With the Ma Ying-jeou (馬英九) administration aggressively deregulating cross-strait policies, Taiwan must heed the potential negative impact of overreliance on the Chinese market, analysts said yesterday.
The IMF first forecast China’s GDP growth at 11 percent for this year, but has cut it to 8.5 percent. Last month, IMF Managing Director Dominique Strauss-Kahn said the figure could fall to 5 percent.
As 80 percent to 90 percent of Taiwan’s foreign investment goes to China, many are worried that China’s slowing growth, falling exports and rising unemployment could hit the nation hard.
National Taipei University economics professor Wang To-far (王塗發) said a negative impact was inevitable because of the country’s overreliance on China’s economy.
“China’s situation is similar to that of a Buddha made of mud trying to cross a river — meaning it has enough problems saving itself,” he said. “Without 8 percent growth, China cannot create enough jobs. When unemployment becomes a problem, social unrest will follow.”
The Ma administration did not seem to realize the severity of the problem, Wang said, but believed cross-strait deregulation could salvage the domestic economy.
Taiwan’s economy is export-based, Wang said. During the 1960s and 1970s, the US bought 40 percent to 50 percent of the country’s exports, he said, but this dwindled after 2000. Now the US buys 20 percent of Taiwan’s exports, while China buys 40 percent to 50 percent.
As China’s GDP growth has slowed, exports to China have dropped by 50 percent, Wang said.
“In the early days, when our economy depended on the US, many worried we should not put all our eggs in one basket, because when the US sneezed, we would catch a bad cold,” he said. “Now, the situation has reversed and is even worse.”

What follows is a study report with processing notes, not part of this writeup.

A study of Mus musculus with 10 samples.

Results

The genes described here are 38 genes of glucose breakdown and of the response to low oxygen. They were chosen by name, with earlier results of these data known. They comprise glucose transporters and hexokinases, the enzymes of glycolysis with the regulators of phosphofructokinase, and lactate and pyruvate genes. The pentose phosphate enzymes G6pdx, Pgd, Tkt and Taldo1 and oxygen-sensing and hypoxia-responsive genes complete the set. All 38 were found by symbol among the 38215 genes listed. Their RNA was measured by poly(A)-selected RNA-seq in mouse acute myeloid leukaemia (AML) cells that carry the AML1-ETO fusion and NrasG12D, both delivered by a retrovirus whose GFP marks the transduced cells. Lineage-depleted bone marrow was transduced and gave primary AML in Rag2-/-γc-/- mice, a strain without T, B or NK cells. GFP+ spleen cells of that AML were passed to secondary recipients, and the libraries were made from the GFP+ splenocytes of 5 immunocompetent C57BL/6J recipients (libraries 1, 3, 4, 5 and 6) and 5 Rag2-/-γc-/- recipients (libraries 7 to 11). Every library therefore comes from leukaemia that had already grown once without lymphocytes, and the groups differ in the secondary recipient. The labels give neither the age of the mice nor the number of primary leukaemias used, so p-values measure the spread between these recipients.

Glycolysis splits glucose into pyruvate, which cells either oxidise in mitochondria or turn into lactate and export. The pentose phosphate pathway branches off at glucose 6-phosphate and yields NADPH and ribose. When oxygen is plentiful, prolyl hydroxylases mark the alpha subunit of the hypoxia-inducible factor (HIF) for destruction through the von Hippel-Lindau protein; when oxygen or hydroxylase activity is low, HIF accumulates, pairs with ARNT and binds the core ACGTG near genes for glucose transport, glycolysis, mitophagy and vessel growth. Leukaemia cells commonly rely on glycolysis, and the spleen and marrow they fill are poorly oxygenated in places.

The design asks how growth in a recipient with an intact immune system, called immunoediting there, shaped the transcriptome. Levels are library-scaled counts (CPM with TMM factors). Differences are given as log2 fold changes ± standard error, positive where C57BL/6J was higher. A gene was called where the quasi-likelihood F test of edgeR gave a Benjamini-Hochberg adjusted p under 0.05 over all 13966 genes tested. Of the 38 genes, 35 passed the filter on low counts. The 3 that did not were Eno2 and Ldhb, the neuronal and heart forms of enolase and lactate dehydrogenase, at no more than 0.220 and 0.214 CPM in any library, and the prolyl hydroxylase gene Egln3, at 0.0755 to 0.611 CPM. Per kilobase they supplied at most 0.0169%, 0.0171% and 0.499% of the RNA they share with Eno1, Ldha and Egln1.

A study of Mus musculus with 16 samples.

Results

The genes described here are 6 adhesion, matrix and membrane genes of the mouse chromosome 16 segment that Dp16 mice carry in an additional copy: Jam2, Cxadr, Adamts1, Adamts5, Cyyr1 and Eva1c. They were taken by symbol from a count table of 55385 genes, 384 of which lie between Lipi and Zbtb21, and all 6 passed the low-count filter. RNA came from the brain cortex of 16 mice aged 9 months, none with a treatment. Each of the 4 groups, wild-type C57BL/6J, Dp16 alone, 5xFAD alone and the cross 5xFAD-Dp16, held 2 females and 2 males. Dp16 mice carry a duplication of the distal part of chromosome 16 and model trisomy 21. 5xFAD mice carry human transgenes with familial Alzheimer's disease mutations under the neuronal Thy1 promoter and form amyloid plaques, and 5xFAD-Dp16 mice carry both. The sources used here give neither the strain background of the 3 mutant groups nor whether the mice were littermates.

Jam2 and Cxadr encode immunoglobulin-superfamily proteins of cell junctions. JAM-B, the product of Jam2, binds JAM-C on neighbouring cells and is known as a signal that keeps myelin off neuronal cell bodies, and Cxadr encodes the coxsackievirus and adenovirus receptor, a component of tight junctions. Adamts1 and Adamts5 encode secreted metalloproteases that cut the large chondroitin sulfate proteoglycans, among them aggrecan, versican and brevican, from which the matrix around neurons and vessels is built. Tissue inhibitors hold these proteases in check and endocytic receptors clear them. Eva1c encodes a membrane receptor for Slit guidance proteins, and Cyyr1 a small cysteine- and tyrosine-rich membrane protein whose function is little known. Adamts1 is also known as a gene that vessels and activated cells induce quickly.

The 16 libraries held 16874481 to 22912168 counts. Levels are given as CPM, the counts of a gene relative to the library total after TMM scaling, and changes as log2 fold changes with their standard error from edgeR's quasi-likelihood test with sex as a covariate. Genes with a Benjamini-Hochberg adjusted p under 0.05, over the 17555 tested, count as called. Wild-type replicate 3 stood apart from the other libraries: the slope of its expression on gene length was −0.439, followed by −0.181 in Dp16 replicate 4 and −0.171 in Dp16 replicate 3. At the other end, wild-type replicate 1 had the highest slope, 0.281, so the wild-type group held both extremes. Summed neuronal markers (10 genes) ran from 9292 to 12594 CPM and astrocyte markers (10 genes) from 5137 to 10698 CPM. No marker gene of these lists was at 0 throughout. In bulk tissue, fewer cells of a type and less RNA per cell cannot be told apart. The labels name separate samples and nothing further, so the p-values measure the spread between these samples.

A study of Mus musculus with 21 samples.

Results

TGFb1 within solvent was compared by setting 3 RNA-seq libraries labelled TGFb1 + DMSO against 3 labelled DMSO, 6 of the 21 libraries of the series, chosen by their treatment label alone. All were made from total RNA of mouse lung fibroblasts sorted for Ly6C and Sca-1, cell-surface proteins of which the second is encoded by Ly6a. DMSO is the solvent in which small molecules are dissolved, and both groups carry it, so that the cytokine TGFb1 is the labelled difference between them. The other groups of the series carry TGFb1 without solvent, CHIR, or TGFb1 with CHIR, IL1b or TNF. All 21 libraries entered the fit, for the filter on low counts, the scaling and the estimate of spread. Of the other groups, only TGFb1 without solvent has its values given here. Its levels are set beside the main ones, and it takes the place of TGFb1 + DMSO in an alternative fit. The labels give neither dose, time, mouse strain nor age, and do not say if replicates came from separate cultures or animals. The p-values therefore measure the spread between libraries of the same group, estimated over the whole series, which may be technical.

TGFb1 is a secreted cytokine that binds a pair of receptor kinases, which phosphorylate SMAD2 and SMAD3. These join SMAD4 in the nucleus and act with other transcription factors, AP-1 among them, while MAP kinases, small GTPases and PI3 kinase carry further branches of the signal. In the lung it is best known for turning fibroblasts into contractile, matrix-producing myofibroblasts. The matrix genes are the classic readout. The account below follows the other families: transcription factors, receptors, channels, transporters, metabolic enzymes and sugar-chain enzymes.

Wang said economic and political uncertainty were bigger problems in China than in the US.
Economics cannot be separated from politics, Wang said, adding that most of China’s economic policies were part of political maneuvers to ultimately incorporate Taiwan into China.
Because of pressure from China, other countries have balked at signing free trade agreements and other economic accords with Taiwan, Wang said.
Although it was too early to tell when China’s economic power would catch up with that of the US and Japan, overreliance on China posed a great risk to the nation both economically and politically, Wang said.
“It is like exposing your neck and allowing somebody to wring it,” he said. “China’s strategy is clear. They let Taiwanese merchants pressure their government to push Beijing’s political agenda.”
National Taiwan University economics professor Kenneth Lin (林向愷) agreed that economy and politics go hand in hand.
“A precondition for a sovereign state is economic independence,” he said. “When a country has little or even no economic freedom, political problems will follow. It is like when a person is financially dependent, that person does not have the right of free choice.”
Lin said the Ma administration attached too much importance to what globalization, and China in particular, would give the domestic economy.
“China represents many opportunities, but the country’s overreliance on China is turning such an opportunity into a crisis,” Lin said.
A responsible government must consider the potential advantages and disadvantages of any policy, Lin said, but the Ma administration seems to be ignoring the risks posed by overreliance on China.